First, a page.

Muskie are some of the largest and most elusive freshwater fish. They’re sort of legendary in that many fishermen want to catch muskie, but few seem to actually do it. This freshwater fish is native to North America, and is most common in the areas of the Great Lakes, the upper Midwestern United States, and Canada. So the most important tip to catching muskie is to fish in the right area.

Choosing the Perfect Environment

how to catch muskieBut there’s more to location than just the right area. Muskie seem to prefer clear waters, and a likely place to find muskie is the place where stained water meets clear water. Even better is when that stained water meets clear water near the mouth of a creek or river. Look for areas of green weeds growing in the water. Muskie can often be found lurking in weedbeds that are very close to deeper water. Rocky points in the water are also well-known hiding places for muskie, since those rocky points are a favorite hangout of bait fish. Remember, fish follow the bait and food.

There is no set time of year or day for catching muskie, although low light does seem to provide the better conditions. However, if you’re trying to catch larger muskie, spring is typically the best time of year for that. Smaller muskie are easier to catch in mid-summer and through the fall. Due to the fact that muskie have been overfished in some areas, there may be size limits in effect, so check with your local area.

The Best Tackle for Catching Muskie

muskie fishing tipsNow that you know where to fish and when to fish, you need to know the best tackle for catching muskie. Because of the muskie’s size, you’ll get the best results with a sturdy 7-8 foot heavy duty pole, combined with a 20-25 pound test line. If you use a wire leader, make sure it’s 75-100 pounds. A casting reel works best with these fish. They’re not content with lure or bait simply hanging there, and muskie want to be challenged. Some fishermen are favoring braided super lines that are thinner and don’t stretch as much, and avoid wire leaders all together.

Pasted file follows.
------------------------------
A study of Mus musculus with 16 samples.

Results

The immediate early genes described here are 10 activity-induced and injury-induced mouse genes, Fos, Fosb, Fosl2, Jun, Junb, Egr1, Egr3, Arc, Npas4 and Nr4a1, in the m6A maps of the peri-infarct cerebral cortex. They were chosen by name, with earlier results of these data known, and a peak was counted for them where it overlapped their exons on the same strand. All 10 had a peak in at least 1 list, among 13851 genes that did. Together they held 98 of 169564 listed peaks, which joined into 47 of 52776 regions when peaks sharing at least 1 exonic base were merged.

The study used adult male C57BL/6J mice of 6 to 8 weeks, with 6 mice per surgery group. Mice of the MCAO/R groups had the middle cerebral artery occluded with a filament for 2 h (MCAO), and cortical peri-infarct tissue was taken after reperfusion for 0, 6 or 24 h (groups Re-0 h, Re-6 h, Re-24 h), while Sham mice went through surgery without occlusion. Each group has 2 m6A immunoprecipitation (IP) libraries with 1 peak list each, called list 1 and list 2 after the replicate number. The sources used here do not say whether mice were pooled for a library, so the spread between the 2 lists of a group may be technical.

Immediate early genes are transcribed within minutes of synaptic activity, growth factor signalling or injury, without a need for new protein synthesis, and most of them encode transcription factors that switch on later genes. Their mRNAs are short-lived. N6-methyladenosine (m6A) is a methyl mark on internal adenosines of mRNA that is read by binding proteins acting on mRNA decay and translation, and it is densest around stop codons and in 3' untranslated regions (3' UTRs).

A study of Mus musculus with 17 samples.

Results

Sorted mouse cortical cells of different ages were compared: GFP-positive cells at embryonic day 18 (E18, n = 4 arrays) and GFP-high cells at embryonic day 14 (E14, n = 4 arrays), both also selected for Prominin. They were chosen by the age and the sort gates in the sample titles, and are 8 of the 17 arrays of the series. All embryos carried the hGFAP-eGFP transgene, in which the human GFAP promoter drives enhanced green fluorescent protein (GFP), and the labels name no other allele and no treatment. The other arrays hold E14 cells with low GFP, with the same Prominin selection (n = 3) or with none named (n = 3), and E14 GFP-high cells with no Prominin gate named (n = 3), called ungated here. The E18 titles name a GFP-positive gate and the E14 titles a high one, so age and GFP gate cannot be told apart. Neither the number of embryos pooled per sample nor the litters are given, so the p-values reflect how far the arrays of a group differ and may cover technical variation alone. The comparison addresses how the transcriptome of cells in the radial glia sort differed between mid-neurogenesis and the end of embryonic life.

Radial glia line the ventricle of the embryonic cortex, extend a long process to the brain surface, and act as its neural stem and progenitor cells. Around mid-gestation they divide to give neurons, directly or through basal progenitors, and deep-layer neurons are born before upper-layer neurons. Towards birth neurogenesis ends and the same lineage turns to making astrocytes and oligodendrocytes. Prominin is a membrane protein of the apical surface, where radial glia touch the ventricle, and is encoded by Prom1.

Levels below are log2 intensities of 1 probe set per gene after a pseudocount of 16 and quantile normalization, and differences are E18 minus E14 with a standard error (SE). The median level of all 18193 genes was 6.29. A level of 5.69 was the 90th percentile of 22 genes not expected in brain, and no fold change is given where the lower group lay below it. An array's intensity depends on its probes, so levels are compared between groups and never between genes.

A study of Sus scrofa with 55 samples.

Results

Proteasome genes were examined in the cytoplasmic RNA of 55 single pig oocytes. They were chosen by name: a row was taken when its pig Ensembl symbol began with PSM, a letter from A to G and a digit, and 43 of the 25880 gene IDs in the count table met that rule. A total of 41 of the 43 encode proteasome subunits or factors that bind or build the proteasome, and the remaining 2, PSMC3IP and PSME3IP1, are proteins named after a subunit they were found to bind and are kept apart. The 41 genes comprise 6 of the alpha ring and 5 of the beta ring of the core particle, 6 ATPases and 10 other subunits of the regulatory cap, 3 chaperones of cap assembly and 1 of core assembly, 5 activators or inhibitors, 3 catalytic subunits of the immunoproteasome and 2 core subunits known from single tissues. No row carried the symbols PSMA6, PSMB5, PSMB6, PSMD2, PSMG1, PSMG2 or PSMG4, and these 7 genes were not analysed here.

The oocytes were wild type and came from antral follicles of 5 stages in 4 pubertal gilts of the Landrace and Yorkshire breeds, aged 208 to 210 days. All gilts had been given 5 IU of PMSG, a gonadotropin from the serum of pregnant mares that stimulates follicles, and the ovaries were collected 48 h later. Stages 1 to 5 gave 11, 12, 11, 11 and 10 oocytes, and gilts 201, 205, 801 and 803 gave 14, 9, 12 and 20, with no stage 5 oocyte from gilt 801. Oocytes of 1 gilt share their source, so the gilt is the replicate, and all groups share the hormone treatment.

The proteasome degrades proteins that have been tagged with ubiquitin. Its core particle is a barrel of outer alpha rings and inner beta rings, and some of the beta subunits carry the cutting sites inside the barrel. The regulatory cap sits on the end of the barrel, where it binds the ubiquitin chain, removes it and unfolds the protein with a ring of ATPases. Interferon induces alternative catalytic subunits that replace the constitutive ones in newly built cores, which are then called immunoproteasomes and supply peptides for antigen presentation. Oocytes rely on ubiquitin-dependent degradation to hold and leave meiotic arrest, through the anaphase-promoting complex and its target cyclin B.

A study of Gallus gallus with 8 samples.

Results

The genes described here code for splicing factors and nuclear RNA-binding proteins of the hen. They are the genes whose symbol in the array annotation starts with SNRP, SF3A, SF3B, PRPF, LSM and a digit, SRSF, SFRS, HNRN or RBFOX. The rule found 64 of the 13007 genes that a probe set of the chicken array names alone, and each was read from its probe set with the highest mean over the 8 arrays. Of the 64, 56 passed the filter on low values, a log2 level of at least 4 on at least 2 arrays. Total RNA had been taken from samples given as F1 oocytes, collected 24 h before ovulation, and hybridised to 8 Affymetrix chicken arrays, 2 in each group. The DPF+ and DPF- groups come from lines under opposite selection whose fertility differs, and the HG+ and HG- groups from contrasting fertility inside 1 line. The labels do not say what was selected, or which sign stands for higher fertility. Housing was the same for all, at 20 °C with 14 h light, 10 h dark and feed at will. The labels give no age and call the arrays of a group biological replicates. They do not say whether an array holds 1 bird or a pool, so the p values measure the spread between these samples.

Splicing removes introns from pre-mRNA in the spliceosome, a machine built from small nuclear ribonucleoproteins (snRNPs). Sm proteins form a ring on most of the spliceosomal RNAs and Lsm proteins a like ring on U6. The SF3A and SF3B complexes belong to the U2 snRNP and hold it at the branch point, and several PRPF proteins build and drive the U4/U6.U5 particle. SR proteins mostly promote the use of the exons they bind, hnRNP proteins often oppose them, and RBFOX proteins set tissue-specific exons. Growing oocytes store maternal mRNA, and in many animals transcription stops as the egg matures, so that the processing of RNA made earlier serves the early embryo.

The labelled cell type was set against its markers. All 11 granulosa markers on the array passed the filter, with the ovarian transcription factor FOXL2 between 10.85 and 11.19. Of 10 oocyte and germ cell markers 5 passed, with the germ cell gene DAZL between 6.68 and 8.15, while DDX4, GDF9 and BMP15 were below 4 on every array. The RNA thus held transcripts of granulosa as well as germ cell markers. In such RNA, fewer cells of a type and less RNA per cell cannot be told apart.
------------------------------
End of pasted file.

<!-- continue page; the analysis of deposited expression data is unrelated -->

The right bait to catch muskie is as unpredictable as muskie themselves. Barbless hooks are highly recommended by most fisherman, as they are much easier to remove from the fish, and you’re less likely to stick yourself. If you want to use live bait, muskie prefer juvenile bull frogs and extra large minnows. If you’d rather use lures, then weighted jerkbaits, soft plastic lures, and crankbaits are your best bet. During the spring months, muskie go after smaller prey, so make sure you use a smaller lure. During the fall months, muskie go after larger prey, so you’ll want to use a larger lure. And by larger lure, we mean significantly larger. Muskie have been known to eat other fish, ducklings, and muskrats.

Trolling Works!

A tried and true method for catching muskie is trolling. Faster trolling tends to work best for catching muskie, so keep the boat speed somewhere between 4 and 6 miles per hour. Don’t try to fish too deeply, as muskie will often come up to bite, but will rarely dive down deeper into the water to grab the hook. Also, keep the bait pretty close to the boat while trolling. Muskie are not fearful fish, and will often come right up to a boat. There’s no need to try to cast the line more than 20 feet out from the boat. If there’s more than one person in the boat, you can all use the same lure, and cast your lines the same distance from the boat, and troll that way. This tricks the muskie into thinking there’s a school of fish, and they won’t be able to resist the temptation of easy food.

No Need for a Fishfinder

While other fish can be found with the help of fishfinders, the same is not true of the muskie. Muskie don’t have a particular preference for water depth or water temperature, so mapping out the water isn’t particularly helpful with catching them. As was already stated, the one constant for muskies is that they like weedy areas, so those are the best locations to start fishing.

Fishing for muskie requires a great deal of patience. Muskie are notoriously difficult to catch, but that’s part of the attraction for fishermen. With these tips, you’ll be able to join the ranks of the fishermen who have hooked the elusive muskie.